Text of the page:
Lassen Peak (10,457′) is the southernmost active volcano in the Cascade Range. It last erupted 100 years ago in 1915. Despite spewing volcanic ash as far as 200 miles away, this most recent eruption is considered very small. Fortunately for us, volcanoes don’t explode without warning and the USGS now monitors Lassen very closely. The trail to the top of the peak is one of the more popular hikes in the park. Most of the trail is above tree-line and the views are stunning.
Basics: The roundtrip hike is 5 miles with approximately 2000-ft of elevation gain. It’s a strenuous walk, but do-able for anyone in decent shape. After a multi-year restoration project, the newly improved trail is fully open for the 2015 season. Afternoon thunderstorms are common in the area so it’s a good idea to start this hike early in the day.
For current conditions and information, check the NPS website before heading out: Hiking Lassen Peak Trail – National Park Service.
Red Tape, Directions and Camping: There is a $20 entrance fee for Lassen Volcanic National Park. No additional fees or permits are necessary to hike Lassen Peak. The trailhead is approximately 7 miles up Highway 89 from the southwest entrance. It’s easy to find once you’re in the park. Google Map link to trailhead.
The closest campgrounds are the Southwest Walk-in camp (at the southwest entrance to the park) and the two Summit Lake campgrounds. Reservations are recommended and can be made through recreation.gov up to six months in advance. Additional camping information can be found on the Lassen Park website.
Trail Description: Last weekend, some friends planned a car camping trip to Lassen Volcanic National Park. I would never say no to car camping, but I was also excited for the opportunity to hike Lassen Peak. The trail had been closed on our previous visit to the park in 2009.
Thunderstorms were in the forecast, so we decided to get a relatively early start on Saturday. It only took about 15 minutes to drive from the Summit Lake South campground to the trailhead. We were on the trail by 6:45 am.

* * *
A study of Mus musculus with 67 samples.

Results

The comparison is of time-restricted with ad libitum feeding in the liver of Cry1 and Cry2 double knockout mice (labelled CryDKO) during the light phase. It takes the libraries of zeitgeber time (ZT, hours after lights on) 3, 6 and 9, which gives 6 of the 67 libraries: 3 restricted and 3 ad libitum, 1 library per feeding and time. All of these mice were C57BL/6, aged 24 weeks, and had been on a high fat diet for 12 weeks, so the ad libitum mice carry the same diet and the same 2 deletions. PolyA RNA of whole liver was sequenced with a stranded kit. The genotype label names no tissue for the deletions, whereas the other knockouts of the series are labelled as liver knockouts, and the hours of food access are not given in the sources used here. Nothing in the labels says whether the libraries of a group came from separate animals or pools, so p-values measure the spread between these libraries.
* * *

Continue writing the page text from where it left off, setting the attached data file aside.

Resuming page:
I wouldn’t say this is an easy hike, but the trail is very well constructed and it follows the same general grade all the way to the summit.
I started to get tired when we were about 2 miles in. I was suddenly very interested in reading the last two interpretive signs before reaching the summit. Anything for a short break. (Actually, the signs were very interesting; they included quotes from people who were on the mountain during one of the 1914-1915 eruptions.)
The trail tops out at a flat area overlooking the summit crater. We could see a high point with a rocky summit block just beyond the end of the official trail. We scrambled over to the true high point of the peak. From trailhead to summit had taken us 1.5 hours.
We took a break, hydrated, ate some leftover pizza, and watched as a constant stream of hikers began to reach the summit.
A lot more people were coming up the trail as we headed down. The weather was starting to warm up quite a bit. Thunderstorms didn’t actually hit the area until later that night, but I was still happy to have set out so early in the morning.
The entire hike took 3 hours roundtrip. We headed back to camp where we enjoyed a second breakfast of chocolate chip pancakes.